It’s Pi Day!

You may not be aware but today is Pi Day…not American-as-apple-pie pie but 3.1415-remember-geometry-and-circles Pi Day!  It’s March 14…that is, 3.14!  Lots of people might ignore such a day but without circles and their measurement and pi in general, our world would be a much less fun place.  Science and math make the world go ’round…get it?  Round…circles…pi!

It’s meant to be!


Chocolate pie!
Chocolate pie!

The number π is a mathematical constant, the ratio of a circle’s circumference to its diameter.  I am a computer programmer by trade and took a lot of math classes as I went through my schooling so I was exposed to a lot of this but if you have not had tons of math exposure, you should definitely read the info about pi on wikipedia…it is truly fascinating!

So, to honor this special day, we baked a pi…I mean a pie last night.  I took a bunch of pics of the process but that was boring.  Instead, I figure it might be more interesting to see a few pics that clearly illustrate what pi is and how it relates to the humble circle.

Pi unrolled


sine curve and pi


Weren’t those super cool?!

Reciting Pi
Click to play video

(Or try here if that doesn’t work)

Here’s something else that is pretty cool…when Isaac was in elementary school, he took it upon himself to learn pi to 50 digits.  He still remembers it and recited it for me!  Abigail recently began to memorize it and she knows it to 12 digits.  For most intents and purposes, 4 or 5 digits is plenty but more precision is…well…more precise so why not learn it?!  Incidentally, the memorization of the digits of pi is called piphilology.  The world record for memorizing the digits of pi is 67,890…that’s amazing!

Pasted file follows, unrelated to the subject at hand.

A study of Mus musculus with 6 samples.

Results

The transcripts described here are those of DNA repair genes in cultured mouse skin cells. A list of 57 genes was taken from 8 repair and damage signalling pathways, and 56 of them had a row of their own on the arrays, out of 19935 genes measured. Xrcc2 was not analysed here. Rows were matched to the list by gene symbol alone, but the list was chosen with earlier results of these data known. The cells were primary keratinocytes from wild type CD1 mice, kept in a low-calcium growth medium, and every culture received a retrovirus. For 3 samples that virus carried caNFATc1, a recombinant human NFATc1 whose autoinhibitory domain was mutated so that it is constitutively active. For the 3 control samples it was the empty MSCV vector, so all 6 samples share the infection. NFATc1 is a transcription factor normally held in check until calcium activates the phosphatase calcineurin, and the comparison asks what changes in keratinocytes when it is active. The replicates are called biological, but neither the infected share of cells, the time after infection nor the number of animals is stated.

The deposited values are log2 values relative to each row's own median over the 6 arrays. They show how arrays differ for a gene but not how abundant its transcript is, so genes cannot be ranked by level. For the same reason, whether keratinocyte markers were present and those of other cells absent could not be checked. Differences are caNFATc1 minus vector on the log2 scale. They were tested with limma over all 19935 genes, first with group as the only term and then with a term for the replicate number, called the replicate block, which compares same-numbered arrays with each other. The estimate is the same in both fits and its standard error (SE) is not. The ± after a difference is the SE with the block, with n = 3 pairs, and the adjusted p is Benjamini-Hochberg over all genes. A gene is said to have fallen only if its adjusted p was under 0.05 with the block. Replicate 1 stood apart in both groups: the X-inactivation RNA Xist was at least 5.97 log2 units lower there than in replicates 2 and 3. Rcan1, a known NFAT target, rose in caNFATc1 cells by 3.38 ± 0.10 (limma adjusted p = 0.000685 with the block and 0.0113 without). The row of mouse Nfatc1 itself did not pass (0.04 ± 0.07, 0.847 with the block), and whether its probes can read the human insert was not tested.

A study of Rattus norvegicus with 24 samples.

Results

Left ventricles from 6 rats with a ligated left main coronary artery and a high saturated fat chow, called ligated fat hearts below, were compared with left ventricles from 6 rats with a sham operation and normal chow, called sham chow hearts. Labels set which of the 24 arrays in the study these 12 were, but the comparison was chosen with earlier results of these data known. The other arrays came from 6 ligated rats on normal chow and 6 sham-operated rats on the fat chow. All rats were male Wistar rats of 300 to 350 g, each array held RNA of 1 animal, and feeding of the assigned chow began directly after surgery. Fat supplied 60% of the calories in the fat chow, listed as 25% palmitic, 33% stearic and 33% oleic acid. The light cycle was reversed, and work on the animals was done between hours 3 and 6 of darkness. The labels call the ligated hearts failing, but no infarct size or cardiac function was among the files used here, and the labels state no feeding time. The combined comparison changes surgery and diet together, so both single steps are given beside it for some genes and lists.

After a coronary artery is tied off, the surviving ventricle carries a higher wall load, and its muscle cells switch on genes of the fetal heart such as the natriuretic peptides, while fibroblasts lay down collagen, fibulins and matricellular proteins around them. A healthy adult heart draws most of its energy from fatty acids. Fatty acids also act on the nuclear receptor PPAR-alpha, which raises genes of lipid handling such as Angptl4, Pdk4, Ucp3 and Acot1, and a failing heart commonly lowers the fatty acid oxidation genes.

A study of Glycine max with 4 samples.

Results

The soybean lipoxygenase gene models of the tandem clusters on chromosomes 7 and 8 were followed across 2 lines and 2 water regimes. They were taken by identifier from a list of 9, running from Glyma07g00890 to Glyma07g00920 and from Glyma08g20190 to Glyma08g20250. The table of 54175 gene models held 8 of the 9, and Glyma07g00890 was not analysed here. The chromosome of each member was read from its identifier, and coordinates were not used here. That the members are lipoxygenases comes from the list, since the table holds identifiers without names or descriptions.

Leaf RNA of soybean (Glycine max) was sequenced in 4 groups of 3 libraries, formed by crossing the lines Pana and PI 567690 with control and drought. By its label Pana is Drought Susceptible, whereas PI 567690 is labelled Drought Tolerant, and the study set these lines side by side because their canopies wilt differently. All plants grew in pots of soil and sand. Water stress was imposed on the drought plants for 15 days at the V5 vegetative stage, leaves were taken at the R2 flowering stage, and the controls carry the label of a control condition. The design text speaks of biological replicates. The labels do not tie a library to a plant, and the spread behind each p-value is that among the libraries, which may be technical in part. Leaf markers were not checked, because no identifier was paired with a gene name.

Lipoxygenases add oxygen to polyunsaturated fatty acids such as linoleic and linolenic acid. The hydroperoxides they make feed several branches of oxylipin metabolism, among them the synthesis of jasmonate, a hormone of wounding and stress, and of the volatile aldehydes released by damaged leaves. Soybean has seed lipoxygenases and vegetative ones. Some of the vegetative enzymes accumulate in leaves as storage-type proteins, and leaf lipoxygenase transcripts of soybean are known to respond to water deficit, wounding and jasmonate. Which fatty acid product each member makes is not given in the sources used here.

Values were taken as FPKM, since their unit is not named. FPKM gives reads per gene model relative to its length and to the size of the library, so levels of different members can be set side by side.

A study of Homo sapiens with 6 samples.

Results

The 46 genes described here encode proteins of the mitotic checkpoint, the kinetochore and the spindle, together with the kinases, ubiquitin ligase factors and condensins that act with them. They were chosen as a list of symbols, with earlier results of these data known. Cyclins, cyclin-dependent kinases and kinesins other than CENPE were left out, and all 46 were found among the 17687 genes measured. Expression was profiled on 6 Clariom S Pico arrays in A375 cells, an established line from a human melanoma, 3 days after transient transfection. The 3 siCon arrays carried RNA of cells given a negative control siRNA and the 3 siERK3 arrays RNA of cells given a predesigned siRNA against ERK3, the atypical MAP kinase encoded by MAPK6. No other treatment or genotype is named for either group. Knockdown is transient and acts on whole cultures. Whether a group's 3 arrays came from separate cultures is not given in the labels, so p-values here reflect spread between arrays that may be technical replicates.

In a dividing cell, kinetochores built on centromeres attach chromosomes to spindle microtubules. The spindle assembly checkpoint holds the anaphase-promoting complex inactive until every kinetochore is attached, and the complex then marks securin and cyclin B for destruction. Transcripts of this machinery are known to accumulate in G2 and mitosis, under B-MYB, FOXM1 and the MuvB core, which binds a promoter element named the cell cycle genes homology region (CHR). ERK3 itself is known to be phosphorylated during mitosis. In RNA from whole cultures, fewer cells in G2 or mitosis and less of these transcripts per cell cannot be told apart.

Reciting Pi
Click to play video

(or try here if that doesn’t work)

So friends…enjoy this pretty cool day and get your ovens baking…it’s Pi Day!

4 thoughts on “It’s Pi Day!

  1. I am an engineer by profession and am just a few credits shy of a minor in math so I’ve had a lot of pi over the years. Unlike your kids however, I can only tell you the first four digits after the decimal point. I leave the rest to my scientific calculator which has a pi button that covers all the rest of the digits out as far as necessary anyway.